I've been so (gratefully) busy with editing work the last several weeks that I haven't had time to read anything for pleasure aside from pages from the new book my crit partner is writing.
Yesterday, however, my desk was clear for the first time in what just seems like forever, so I picked up the ARC for Some Girls Are by Courtney Summers. I was tired, my eyes were wiped out from too much screen time, and I was planning to just read for a few minutes before I caught up on some things here at home that have fallen by the wayside lately.
But then I couldn't put the book down. I read it straight through, and my children have another day of rifling through laundry baskets piled high with clean clothes I didn't get around to folding.
Let me start out by telling you one of my biggest pet peeves in any novel I read, whether it's YA or adult, contemporary or historical, fantasy or mystery: the main character not doing what any normal person in her position would do. It's a simple thing, right? But how many times have you yelled at a character in a book--or an actor in a movie--because they're being just plain stupid? She's storming out on you? Don't give up so easily; go get her! The front door is unlocked when you get home, and you know a serial killer is on the loose? Get back in your car right now!
That being said, the main character in Some Girls Are listened to me! Regina Afton was never predictable, but she was normal, and that's something vital to writing a believable young adult novel, regardless of the genre.
I graduated high school about (*mumblemumble*) years ago, and I remember looking around on graduation night and seeing everyone crying and thinking, "Are you kidding me? You think an end to all of this crap is sad?" I was thrilled to be done. I had some great friends in high school, but I was so relieved to be out of there that I breathed more freely that evening than at any point in the four previous years. I had never been bullied (not past junior high), never been "frozen out," never had the popular clique gang up on me in full force to make my life miserable, but did I loathe a few of them? Absolutely.
So what really surprised me about Some Girls Are is that I empathized with the main character: a mean girl. I didn't always like her and my stomach churned at some of the things she'd done, but Courtney Summers let me actually feel not so much for her but with her. Courtney has a great exchange between Regina and Michael, a boy she and her friends had 'ruined' earlier in high school. She apologizes to him and he just gets pissed, telling her she's not sorry: she just feels guilty.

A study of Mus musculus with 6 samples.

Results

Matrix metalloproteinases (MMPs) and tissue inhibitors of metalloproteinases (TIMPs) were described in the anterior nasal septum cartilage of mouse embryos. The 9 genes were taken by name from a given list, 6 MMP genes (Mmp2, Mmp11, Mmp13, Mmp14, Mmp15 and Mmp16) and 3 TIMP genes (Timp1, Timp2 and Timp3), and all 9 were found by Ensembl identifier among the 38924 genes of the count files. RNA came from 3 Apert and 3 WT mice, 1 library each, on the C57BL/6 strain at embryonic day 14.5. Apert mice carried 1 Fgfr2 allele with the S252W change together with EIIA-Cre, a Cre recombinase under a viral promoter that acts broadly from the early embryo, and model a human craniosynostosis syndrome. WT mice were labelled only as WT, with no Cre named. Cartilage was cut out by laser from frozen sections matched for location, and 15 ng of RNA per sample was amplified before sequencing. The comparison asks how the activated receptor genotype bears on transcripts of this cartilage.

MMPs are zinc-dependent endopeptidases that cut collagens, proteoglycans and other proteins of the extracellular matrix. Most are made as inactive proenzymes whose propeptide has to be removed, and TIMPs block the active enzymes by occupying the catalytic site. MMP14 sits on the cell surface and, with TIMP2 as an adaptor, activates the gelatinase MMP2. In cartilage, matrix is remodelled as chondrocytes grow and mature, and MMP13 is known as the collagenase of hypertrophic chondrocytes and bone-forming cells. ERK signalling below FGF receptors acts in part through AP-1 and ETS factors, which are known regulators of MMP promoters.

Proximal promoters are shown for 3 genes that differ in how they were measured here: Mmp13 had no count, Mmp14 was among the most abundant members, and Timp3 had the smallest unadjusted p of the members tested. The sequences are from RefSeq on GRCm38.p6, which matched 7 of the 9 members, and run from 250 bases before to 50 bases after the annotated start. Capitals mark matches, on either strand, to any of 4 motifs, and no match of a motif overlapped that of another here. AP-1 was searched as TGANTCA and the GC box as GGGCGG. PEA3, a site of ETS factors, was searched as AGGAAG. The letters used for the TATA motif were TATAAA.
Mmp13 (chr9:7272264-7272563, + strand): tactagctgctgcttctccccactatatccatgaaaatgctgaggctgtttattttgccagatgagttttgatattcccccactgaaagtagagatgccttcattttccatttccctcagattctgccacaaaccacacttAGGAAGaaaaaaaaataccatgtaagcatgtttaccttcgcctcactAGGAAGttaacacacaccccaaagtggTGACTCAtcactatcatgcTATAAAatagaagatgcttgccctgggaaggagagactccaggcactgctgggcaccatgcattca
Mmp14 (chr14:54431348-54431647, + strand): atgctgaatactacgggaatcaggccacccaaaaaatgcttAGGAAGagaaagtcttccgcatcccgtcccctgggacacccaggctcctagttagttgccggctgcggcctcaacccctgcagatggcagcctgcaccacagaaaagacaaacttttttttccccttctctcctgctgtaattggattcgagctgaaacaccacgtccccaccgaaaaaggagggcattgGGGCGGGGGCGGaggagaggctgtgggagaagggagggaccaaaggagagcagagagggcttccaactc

For me, the scene encapsulated what I got out of this book: this idea of stepping outside of yourself in order to get past yourself.
Those girls I hated in high school who hated me right back? It was so easy for me to separate myself from them: "Here's the line. You're over there because you're mean and nasty. I'm over here because I'm a nice person and would never treat people like you do." But how different was I, really? How different are the bullies from the bullied in Some Girls Are? Had my arch nemesis fallen off the top of that social ladder, would I have welcomed her or shunned her? Would I have said, "I understand. It's hard down here"? Or would I have said, "Serves you right" and walked away? Feeling what other people feel is difficult and can be completely impossible. And when it IS possible, it's also painful. Making that line between them and us as vivid and bold as possible protects us from caring when we don't want to and from empathizing when, honest to goodness, we just want to hate.
This book isn't comfortable to read. It will make you ache. It will make you think way too much about things you probably don't want to think about and haven't thought about in a long time. And that's a really, really good thing, if you ask me. It's the best kind of book for those very reasons.
And as a kind of p.s.: This is the first book I've read in a long time that made me go back and read the last page over and over again because it was so perfect, and because I didn't want to admit it had ended.